Brittany Lewis

I like museum theory. On the one hand, it's so practical and obvious, and on the other hand, actually enlightening. The first-semester theory class is Management and Leadership, wherein we talk about everything from mission statements and institutional vision to audience collaboration and hiring practices. That last one, I admit, I never would have expected. You hire the person best qualified for the job, right? Ah, but there's possibly more to qualification than what a resume reflects. Surprise—this is where the enlightening part comes in! Even better is discussing these topics on a peer level with my classmates. If you're like me, you know what it feels like to be the only person around who is interested in museums. After years of history classes with students going into all kinds of careers, I finally have classmates who can compare experiences with mine, who have opinions, who want to talk about museums. And it feels great.

Of course, discussion happens in any graduate-level class, but many of our professors have us carry the discussions to the internet. Blackboard is an academic communication service that UNCG subscribes to, and all three of my classes this semester participate in internet discussion boards there. In my theory class, we use the space to reflect on the readings and chat about the topics. It helps my understanding to find out, before coming to class, what others thought was important, what hit home and what was off-base.

My most memorable, heated Blackboard discussion was about diversity hiring practices. If you start with the premise that the audience needs to see itself represented in the museum in everything from subject matter to staffing, it follows that museums should strive for a racially diverse staff. Most discussions about diversity hiring assume the practice necessitates the sacrifice of “scholarship,” whatever that may be. Some of us made the same assumption and blamed education and low minority interest for keeping racial minorities out of the museum field. Others pointed out that qualified minority candidates are easy to find if one cares enough to search for them—it does not have to be a trade-off. We stressed the actual benefit of a diverse staff to all involved to emphasize why an employer would make the extra effort to locate minority applicants. We also saw that qualifications extend beyond academic expertise to include communication skills, community contacts, and relevant life experience. Can we insist scholarly credentials trump all else in a pool of applications?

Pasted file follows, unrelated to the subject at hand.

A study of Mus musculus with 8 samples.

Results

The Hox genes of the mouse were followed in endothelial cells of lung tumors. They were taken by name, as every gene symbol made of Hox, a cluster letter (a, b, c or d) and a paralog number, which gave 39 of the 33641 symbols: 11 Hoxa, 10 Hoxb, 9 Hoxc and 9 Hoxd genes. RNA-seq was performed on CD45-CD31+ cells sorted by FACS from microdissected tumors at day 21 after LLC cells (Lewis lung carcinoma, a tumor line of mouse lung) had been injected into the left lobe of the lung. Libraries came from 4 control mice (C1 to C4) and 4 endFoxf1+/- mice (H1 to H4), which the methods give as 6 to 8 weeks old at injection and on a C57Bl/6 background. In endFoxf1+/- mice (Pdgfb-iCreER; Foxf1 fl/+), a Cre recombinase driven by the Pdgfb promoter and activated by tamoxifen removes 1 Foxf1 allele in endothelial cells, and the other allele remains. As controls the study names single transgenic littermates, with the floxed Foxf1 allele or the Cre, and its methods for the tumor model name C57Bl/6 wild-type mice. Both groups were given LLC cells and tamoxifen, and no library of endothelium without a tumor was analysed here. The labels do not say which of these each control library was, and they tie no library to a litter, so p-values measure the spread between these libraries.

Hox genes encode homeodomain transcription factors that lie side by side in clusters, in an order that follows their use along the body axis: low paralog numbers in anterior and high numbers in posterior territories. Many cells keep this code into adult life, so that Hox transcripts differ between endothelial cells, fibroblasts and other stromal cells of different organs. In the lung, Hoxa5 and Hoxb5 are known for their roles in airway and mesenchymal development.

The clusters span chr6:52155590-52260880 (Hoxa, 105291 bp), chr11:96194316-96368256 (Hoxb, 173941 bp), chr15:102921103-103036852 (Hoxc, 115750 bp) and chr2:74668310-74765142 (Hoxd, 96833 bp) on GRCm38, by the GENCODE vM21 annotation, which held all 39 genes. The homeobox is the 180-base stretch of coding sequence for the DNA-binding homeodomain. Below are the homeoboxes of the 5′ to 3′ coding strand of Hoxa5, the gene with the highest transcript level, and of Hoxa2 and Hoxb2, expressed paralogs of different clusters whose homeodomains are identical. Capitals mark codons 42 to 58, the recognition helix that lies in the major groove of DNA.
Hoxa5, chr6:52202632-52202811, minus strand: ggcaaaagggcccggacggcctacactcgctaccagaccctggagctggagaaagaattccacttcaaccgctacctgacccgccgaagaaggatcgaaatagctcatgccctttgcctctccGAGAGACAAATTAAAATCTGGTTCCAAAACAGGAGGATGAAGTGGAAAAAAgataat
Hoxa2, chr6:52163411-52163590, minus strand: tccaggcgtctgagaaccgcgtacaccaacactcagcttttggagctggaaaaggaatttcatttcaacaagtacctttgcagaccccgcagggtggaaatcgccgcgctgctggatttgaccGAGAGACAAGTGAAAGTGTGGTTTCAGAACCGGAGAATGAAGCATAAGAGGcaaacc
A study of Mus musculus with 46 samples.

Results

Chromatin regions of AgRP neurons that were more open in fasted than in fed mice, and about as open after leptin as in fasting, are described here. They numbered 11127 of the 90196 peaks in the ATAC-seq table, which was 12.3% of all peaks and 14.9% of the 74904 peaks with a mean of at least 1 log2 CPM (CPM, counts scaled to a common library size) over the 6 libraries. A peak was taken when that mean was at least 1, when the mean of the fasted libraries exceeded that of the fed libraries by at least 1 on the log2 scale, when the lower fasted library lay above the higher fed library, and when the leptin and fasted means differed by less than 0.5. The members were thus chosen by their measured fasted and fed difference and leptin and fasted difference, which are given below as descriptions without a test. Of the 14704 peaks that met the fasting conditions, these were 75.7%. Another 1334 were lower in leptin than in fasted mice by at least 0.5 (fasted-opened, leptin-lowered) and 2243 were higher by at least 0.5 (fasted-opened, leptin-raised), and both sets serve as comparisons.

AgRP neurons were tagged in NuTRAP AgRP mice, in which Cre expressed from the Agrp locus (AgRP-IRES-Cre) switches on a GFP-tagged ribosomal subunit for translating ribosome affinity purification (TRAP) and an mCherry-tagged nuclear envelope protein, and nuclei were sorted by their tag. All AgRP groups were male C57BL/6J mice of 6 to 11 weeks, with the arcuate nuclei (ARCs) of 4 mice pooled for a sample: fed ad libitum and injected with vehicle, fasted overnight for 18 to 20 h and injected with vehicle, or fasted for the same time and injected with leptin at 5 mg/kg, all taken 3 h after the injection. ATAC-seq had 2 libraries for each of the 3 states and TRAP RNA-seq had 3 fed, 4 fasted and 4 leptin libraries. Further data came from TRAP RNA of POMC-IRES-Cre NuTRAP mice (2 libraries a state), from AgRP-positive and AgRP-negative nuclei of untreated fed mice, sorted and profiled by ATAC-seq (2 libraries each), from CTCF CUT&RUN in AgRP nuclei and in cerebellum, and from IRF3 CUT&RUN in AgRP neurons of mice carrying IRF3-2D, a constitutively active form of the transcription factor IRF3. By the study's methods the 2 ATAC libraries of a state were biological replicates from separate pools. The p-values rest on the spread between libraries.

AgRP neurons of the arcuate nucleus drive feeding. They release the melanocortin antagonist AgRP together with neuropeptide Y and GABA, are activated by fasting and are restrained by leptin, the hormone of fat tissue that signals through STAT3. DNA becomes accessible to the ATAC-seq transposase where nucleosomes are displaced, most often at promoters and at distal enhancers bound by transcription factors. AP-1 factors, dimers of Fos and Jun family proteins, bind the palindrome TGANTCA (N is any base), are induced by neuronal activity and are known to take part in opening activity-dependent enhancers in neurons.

The issue of diversity hiring is still unsettled, and our choices as future professionals will shape the field's approach. My classmates, as you can imagine, passionately argued both sides of the issue, and I eagerly checked the discussion every hour to see if my main “opponent” had updated our debate. We never settled on an answer, but that wasn't the point. Most importantly, we each found something in what others might term a boring theory class that made us feel strongly. Museums are definitely places of controversy, battlegrounds in an ongoing tug-o-war for meaning. I find the idea fascinating, and I'm happy to make my own academic tugs against people who will tug back.